At last it comes to this: the long-running photo series — chronicling our 2013 family road trip to Boston, Cleveland, and other towns along the way — concludes with one more trilogy.
I design our annual travelogues with two rules in mind: (1) each entry should comprise a story, or at least a chapter in a story, not merely a clutch of random pictures drawn from a hat; and (2) for the sake of readers with more limited devices, no entry should be bogged down with megs upon megs upon megs of photos. Sticking to my personal composition targets means a lot of photos don’t make the final lineup. I’m not convinced anyone unrelated to us would want to see all several hundred photos we took this year, but a few more shouldn’t hurt. Besides, I have selfish reasons: a 36-part saga sounds like a much nicer, rounder number than leaving it as a 33-part saga, which would invite curses and fatal feng shui errors in the site decor.
Our first batch of outtakes (plus commentary! as always! like it or not!) is entirely from our walk along Boston’s Freedom Trail and the adjacent areas, as seen in the Day Two entries from our handy, official 2013 Road Trip checklist. Up first: alternate shot of the Benjamin Franklin statue and the building behind it. I went with a head-on shot for the original entry to focus on ol’ Ben himself and make it easier to disregard the building whose name I didn’t write down. Also, it seems wrong to see Ben looking so moody.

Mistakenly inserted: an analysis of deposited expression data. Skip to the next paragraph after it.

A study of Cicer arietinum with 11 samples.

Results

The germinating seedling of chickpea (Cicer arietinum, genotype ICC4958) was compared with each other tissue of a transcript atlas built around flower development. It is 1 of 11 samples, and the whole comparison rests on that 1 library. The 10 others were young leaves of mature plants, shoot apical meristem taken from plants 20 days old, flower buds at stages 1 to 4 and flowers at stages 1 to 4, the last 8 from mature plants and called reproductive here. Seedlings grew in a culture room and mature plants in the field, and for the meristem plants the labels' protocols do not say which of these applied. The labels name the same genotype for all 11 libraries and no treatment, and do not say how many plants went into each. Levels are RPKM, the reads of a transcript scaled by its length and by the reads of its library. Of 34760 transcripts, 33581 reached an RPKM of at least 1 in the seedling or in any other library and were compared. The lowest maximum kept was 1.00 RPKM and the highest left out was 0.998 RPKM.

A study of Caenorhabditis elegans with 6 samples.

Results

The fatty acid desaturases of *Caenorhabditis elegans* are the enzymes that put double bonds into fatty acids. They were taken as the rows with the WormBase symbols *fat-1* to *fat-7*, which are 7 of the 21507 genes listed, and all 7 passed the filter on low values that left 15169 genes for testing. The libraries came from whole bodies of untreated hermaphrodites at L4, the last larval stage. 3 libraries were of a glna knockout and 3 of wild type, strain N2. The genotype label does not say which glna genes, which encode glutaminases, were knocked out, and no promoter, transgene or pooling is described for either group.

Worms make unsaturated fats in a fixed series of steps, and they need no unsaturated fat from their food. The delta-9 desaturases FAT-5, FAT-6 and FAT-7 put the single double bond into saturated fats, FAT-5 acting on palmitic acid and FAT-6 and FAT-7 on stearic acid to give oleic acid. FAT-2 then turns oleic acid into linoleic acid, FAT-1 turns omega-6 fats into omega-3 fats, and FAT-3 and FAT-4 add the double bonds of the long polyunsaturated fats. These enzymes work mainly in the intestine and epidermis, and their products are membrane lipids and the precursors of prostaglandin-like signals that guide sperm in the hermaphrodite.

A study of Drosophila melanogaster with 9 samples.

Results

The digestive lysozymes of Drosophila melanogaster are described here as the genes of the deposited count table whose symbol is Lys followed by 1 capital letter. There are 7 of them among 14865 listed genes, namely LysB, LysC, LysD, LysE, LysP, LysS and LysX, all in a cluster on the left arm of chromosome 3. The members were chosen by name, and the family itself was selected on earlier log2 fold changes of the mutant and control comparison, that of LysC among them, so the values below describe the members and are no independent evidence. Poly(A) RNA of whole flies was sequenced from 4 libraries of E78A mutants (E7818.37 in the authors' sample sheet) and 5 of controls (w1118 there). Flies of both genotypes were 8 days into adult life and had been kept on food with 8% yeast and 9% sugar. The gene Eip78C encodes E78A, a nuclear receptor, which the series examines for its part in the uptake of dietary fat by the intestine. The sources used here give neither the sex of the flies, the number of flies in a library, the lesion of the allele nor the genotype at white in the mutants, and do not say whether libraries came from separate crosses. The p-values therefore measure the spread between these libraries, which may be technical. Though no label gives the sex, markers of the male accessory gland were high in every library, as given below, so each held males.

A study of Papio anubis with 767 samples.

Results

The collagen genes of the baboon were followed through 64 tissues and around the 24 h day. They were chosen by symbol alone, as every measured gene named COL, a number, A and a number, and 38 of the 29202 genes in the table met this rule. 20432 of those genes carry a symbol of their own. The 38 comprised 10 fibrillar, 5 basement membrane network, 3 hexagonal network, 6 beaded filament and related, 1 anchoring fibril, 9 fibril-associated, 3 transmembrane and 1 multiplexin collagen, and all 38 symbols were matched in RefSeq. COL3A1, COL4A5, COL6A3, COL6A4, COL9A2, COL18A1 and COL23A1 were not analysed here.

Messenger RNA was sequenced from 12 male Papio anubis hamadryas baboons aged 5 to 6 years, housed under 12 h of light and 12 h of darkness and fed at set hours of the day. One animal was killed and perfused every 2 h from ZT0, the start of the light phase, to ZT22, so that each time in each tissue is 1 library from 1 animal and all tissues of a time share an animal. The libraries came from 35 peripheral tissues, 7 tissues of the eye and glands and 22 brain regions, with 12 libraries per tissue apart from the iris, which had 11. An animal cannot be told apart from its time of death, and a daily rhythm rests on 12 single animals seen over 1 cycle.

Plenty of helpful tour guides and retired history buffs are on hand at the visitors center to offer paid walking tours, local insight, or city-sanctioned cosplay photos. When strangers pop up between your photo subjects instead of relatives, they look much odder in your scrapbook, especially when you revisit them twenty years later and are so certain you used to know that woman. By then the mists of time will have occluded the fact that no, you senile codger, you didn’t.
Plaques can be instructive and decorative sights. We snap photos sometimes for our own reference later. This one regales us with vital Bostonian backstory and gives us an idea of how Chaucer might have spelled “cattle”.
We parked for the day in the Boston Commons underground garage. Most of our greenery pics came from neighboring Boston Public Garden. When we arrived in the morning after contending with rush hour traffic, we were so anxious to see or do anything outside the car that we took almost no pics of the Commons proper, save this Majestic shot.
The Freedom Trail’s marker led us up the road to the Boston State House and capitol dome, but it wasn’t the scenic route. Sometimes I find a certain curious honesty in capturing glimpses of our unvarnished, nuts-‘n’-bolts surroundings. I may be alone in this.
Upon entering the Quincy Market, I expected vast rows of stalls, booths, and kiosks that stretched into the horizon. Sadly, the walls between us and the horizon were much too close and failed to offer us magical, infinite roominess.
We didn’t realize till days later that most of our shots of the Cheers replica bar came out depressingly blurry. Among the survivors: Flat Woody, who also hopes you enjoyed his work in True Detective and 2012.
Meanwhile in the Boston Public Garden: bonus duckies!
I loved the colors that popped out in several Public Gardens shots, but this one’s all about those underestimated yet crucial bit players you’ll find adding resonance to every classy pond scene: the ripples in the water.
And for the sports lovers out there, a closer look at President George Washington supporting his beloved Boston Bruins, according to Boston’s rather biased statue outfitters.
To be continued!
[Link enclosed here to handy checklist for previous and future chapters, and for our complete road trip history to date. Thanks for reading!]